Updated 14 February 2022 |
    Published 27 December 2018
    Fact Checked
    Reviewed by Anna Klepchukova, Flo chief medical officer, UK
    Flo Fact-Checking Standards

    Every piece of content at Flo Health adheres to the highest editorial standards for language, style, and medical accuracy. To learn what we do to deliver the best health and lifestyle insights to you, check out our content review principles.

    Fast-growing and thick hair is a pregnancy symptom that many women love to have. So enjoy your luscious locks while you still can because in the months following delivery, you may experience postpartum hair loss. Read more about the postpartum condition and how to deal with it.

    Don’t panic! Postpartum hair loss is normal.

    It can be an alarming discovery. You’re going about your regular hair-care routine; savoring those moments alone where you can tend to your own self-care. When all of a sudden you look down at your brush and find large clumps of your hair tangled in the bristles!

    Don’t panic—postpartum hair loss is normal. Learn more about what causes postpartum hair loss, how long it lasts, and some postpartum hair loss remedies to help treat it.

    What causes hair loss after giving birth?

    All hair on our bodies grows in a cycle that can last anywhere from two to seven years. The active or growing phase of a strand of hair is called anagen and determines the length of our hair. After a period of time, the hair follicle enters a transition phase (called catagen) before entering its resting phase (telogen). Shedding occurs (exogen) and the process starts all over again.

    Changes related to your hormone levels before, during and after pregnancy can affect hair growth. It’s completely normal to experience hormonal imbalance after giving birth, and one of the symptoms of hormonal imbalance is postpartum hair loss.

    The medical term for postpartum hair loss is telogen effluvium. The condition, which is also referred to as postpartum alopecia, is relatively common, affecting between 40-50% of women in the months following childbirth.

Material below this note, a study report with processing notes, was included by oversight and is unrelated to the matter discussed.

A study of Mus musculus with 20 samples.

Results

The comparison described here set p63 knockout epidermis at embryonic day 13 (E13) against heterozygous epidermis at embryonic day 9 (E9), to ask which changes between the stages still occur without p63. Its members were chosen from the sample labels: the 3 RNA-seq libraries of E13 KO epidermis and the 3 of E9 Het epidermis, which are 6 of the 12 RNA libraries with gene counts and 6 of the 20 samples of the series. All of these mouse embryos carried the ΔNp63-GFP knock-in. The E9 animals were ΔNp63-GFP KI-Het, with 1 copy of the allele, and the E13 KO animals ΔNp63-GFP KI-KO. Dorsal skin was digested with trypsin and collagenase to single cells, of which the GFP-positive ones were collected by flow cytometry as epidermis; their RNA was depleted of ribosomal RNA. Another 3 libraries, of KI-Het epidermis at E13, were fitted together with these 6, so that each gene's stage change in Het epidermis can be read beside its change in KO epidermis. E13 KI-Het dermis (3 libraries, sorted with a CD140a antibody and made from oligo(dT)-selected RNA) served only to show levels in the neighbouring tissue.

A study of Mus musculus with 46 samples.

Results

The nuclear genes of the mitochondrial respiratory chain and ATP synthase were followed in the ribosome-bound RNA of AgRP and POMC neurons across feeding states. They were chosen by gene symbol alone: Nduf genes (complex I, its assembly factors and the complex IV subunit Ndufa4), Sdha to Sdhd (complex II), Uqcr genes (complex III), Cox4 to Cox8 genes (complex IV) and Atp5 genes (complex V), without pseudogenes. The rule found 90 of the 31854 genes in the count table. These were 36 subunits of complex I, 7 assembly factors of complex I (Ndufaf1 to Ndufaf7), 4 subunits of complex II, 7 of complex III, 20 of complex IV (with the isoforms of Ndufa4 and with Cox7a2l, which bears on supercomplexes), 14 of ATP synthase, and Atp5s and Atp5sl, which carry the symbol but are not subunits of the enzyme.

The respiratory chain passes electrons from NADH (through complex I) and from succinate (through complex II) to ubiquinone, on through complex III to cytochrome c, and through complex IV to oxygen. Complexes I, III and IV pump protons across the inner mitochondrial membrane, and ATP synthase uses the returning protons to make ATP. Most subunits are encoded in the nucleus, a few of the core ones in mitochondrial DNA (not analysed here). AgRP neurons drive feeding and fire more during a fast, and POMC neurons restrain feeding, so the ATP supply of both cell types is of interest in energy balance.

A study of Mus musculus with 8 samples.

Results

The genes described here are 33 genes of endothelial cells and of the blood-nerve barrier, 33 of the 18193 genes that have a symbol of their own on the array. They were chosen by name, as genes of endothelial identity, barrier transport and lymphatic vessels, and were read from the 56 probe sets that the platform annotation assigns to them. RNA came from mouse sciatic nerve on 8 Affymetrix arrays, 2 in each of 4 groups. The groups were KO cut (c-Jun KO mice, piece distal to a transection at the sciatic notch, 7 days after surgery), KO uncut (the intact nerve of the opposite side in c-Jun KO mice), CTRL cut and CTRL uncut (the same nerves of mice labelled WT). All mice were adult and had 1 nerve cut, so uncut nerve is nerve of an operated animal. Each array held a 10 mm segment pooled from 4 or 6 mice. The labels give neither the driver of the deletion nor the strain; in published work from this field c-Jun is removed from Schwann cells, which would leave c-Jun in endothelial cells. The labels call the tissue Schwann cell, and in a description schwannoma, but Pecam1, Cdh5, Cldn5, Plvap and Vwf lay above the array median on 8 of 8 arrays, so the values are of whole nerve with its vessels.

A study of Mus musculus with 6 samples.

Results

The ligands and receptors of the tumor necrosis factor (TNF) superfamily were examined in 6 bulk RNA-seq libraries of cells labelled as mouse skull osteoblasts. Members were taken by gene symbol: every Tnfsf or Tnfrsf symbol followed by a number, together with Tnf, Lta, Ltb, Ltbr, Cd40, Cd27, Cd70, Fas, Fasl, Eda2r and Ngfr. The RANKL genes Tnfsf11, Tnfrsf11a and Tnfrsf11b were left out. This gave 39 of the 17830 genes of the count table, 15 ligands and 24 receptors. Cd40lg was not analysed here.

Postpartum hair loss occurs after childbirth because of the sudden change of hormones in your body, particularly the change between progesterone and estrogen.

    How hormones affect your hair growth?

    In pregnant, postpartum and menopausal women, estrogen is the leading hormone that affects your hair growth.

    During pregnancy, your body increases the amount of estrogen it produces which signals more follicles to enter the growing phase than the resting phase of the hair growth cycle. During this time, you may experience fuller, thicker hair. You may also notice that your hair grows significantly faster during pregnancy than it did before you were carrying your little one.

    Following childbirth, estrogen levels drop (returning to their pre-pregnancy levels), prompting the hair follicles to enter the resting phase and fewer hairs to grow. After about 100 days in the resting phase, the hair begins to shed.

    In addition to the estrogen and progesterone changes in the postpartum period, stress and nutrition impact hormone levels, which and can also influence hair growth.

    Thyroiditis, caused by inflammation of the thyroid gland, results in an imbalance of thyroid hormones which can also affect your hair growth. 

    When does postpartum hair loss start?

    Women may begin to experience postpartum hair loss two to four months after childbirth. The amount of hair loss you experience will be different for every woman and is not always relative to your hair quality or quantity during pregnancy. However, your hair loss may seem more extreme if you have longer hair, or experienced a lot of hair growth during pregnancy.